If you’re like us, you’ve needed to be pretty resourceful in the kitchen lately: when does this can of beans expire?; what can we make from these pickles?; how do you make barbecue sauce from scratch?; etc.
Luckily, there’s this town in Thailand called Si Racha. Population about 20,000. There they make a hot pepper sauce – which isn’t really that hot, on the Scoville scale the finished sauce is about as hot as a raw Fresno pepper – that is so perfectly spicy and delicious that it has become a staple throughout that part of the world. It is referred to generically as Sriracha – much like folks refer to “Soy Sauce,” regardless of who makes it.
There was a Major in the South Vietnamese army named David Tran. After the war, he had perfected a mean version of Sriracha, which he bottled and sold in Gerber baby food bottles.
David Tran fled Vietnam as a member of the Boat People in 1980. The boat that carried them to Boston was called the Huey Fong. The name “Huey” was pronounced “Huy” by the Asian passengers.
David Tran was born in the year of the rooster.
And so, shortly thereafter, when David Tran relocated to Los Angeles and started making his special recipe, he called his company “Huy Fong” and emblazoned his bottle with a rooster. He trademarked those elements but did not trademark the term “Sriracha.”
There was a vacant building in Rosemead, California that was previously owned by Wham-O (as in toys); Huy Fong bought it and moved into it in 1987. David Tran made special modifications to the production machinery he purchased to get the product just right.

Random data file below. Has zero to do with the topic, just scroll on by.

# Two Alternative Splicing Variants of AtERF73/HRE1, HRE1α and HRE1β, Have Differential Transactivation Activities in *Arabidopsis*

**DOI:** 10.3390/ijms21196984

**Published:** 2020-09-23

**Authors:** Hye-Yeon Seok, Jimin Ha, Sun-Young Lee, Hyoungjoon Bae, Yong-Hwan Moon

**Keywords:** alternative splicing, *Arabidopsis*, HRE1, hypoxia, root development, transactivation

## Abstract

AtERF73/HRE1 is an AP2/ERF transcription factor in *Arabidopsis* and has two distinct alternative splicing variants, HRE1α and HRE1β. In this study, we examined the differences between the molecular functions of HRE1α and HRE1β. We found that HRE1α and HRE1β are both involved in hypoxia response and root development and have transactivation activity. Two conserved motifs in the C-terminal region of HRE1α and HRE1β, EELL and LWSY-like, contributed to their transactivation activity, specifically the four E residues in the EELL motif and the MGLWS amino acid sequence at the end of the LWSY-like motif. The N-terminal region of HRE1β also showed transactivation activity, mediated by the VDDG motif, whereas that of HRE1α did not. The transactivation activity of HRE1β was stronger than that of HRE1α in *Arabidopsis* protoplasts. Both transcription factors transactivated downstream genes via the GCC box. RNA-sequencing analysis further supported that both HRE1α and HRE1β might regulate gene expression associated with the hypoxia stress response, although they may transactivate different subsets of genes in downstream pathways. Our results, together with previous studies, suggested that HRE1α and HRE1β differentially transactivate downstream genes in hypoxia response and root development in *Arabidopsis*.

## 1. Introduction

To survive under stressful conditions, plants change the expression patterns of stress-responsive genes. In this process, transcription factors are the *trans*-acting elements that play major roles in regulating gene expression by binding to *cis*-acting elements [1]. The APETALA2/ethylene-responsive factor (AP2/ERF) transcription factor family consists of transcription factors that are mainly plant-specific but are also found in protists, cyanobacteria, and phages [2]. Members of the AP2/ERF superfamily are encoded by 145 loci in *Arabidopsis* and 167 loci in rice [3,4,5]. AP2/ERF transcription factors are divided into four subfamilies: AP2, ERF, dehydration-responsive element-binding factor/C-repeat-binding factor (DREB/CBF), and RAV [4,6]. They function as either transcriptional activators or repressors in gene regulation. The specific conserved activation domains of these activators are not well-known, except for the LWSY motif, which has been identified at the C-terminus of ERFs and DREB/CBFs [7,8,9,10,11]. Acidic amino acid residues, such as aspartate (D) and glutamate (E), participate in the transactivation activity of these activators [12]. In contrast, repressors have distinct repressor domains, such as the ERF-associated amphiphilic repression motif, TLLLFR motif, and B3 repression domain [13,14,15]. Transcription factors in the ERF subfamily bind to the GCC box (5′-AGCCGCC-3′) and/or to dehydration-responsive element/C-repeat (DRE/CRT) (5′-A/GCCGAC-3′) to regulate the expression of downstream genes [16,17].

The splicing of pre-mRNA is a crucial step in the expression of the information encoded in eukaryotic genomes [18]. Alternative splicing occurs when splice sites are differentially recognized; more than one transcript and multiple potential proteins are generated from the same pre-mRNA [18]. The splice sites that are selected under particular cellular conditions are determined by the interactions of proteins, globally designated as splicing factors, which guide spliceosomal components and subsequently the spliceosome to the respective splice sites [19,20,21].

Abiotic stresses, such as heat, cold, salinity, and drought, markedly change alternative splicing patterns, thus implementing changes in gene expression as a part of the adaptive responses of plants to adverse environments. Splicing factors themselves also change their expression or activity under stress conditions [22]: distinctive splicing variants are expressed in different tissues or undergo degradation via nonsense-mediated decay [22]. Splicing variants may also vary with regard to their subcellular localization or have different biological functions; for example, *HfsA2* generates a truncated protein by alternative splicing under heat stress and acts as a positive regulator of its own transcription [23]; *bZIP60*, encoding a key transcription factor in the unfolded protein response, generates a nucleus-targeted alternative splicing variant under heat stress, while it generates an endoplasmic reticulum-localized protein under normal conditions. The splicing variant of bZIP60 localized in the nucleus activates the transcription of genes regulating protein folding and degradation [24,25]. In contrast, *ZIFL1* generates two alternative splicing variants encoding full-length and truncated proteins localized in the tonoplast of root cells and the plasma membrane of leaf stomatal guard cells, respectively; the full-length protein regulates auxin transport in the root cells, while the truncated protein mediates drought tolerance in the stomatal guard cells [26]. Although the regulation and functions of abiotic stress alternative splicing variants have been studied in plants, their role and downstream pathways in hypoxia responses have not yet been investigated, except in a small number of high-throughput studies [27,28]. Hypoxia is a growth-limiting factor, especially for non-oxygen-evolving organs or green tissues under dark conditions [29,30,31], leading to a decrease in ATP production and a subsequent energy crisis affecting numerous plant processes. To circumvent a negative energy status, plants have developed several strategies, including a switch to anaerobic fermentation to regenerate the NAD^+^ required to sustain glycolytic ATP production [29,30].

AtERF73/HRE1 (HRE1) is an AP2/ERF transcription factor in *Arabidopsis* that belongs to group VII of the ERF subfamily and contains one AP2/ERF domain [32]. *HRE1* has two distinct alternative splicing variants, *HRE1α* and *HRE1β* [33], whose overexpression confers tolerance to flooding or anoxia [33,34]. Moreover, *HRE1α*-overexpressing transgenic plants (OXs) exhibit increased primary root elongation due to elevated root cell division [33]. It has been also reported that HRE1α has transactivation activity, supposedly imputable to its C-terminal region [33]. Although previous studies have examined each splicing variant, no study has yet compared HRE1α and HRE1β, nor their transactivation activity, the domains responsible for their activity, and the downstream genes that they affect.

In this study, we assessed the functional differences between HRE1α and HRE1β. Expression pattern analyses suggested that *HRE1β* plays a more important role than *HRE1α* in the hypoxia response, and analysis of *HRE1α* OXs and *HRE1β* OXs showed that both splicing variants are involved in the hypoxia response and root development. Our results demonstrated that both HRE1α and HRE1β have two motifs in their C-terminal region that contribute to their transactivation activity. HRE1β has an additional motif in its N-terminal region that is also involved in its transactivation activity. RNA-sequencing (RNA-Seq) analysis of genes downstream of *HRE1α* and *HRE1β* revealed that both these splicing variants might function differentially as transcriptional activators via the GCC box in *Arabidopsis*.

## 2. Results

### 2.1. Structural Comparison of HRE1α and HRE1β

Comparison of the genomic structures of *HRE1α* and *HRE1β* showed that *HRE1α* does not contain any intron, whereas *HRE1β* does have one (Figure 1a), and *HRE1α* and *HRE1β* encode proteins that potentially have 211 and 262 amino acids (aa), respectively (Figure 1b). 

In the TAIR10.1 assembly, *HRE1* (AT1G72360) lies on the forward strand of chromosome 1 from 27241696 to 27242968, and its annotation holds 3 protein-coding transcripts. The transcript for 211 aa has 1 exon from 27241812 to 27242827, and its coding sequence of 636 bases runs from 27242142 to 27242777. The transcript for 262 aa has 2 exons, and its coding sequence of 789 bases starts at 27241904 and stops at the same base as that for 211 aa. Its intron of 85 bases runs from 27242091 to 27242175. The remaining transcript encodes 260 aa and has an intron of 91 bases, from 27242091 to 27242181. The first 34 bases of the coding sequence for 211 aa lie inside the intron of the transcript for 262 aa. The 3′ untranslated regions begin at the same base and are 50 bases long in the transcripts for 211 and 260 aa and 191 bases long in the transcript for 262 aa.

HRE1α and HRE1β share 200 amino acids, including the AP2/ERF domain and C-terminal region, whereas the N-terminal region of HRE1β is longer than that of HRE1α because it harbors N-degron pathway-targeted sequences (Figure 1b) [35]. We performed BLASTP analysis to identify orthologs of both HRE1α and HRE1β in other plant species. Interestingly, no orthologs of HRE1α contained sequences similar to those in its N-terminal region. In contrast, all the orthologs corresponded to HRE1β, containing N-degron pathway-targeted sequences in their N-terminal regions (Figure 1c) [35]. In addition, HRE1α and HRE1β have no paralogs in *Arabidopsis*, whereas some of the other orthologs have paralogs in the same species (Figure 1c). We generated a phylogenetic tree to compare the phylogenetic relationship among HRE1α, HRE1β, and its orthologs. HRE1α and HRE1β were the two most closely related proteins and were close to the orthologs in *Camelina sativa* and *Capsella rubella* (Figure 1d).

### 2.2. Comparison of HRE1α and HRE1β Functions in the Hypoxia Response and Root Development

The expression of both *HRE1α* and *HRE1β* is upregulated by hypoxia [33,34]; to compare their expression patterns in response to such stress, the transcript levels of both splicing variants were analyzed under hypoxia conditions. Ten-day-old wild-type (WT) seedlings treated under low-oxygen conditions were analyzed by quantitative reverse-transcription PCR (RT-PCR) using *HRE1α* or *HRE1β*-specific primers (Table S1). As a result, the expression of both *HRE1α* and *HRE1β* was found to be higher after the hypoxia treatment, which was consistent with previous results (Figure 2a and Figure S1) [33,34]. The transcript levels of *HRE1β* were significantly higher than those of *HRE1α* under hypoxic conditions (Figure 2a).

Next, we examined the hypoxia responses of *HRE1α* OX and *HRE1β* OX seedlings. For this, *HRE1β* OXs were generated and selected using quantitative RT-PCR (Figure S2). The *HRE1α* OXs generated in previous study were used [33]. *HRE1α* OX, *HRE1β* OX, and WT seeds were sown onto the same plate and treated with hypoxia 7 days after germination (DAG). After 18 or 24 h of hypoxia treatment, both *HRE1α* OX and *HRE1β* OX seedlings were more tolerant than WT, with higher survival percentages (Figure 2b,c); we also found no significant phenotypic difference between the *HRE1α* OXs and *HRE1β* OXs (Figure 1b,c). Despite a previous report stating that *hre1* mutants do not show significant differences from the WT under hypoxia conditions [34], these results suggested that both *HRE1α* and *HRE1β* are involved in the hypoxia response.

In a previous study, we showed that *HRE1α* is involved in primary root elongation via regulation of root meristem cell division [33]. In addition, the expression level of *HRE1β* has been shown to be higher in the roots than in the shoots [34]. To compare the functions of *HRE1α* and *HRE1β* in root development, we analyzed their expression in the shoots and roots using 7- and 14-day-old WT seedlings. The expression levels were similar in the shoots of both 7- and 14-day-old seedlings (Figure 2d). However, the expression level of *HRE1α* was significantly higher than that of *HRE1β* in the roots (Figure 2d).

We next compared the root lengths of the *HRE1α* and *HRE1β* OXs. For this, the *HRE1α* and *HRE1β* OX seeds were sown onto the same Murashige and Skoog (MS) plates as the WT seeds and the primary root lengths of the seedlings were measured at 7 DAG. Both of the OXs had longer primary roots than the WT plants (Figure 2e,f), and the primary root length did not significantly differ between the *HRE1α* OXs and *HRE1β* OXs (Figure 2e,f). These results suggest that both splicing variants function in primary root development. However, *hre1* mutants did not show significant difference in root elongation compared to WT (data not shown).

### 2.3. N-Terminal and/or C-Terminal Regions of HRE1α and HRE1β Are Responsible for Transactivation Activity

In 2010, there was a choice for Ingredient of the Year by Bon Appetit magazine: Huy Fong’s Sriracha sauce. It caused an explosion in Sriracha awareness and sales.
Food manufacturers took notice, and since it wasn’t trademarked, the word “Srirachi” was soon splattered across the entire food industry. Today you can scarf a Sriracha Quesarito at Taco Bell, crunch a bag of Sriracha Kettle Potato Chips or even down a shot of Refinery29 Sriracha Vodka. Really.
But folks there’s only one Sriracha. It comes in a clear plastic bottle with a green cap. It features text in five languages. And there’s that rooster logo. It’s family-owned, family-made.
And luckily, just when the pandemic hit, we had one of the really large bottles in the door of our refrigerator, and it’s been saving our taste buds for the last three months.
It’s the original, the one and only, the cure for pandemic culinary boredom: Huy Fong Sriracha Hot Chili Sauce.
(No word yet on whether it provides resistance to Covid-19, but we’re hoping.)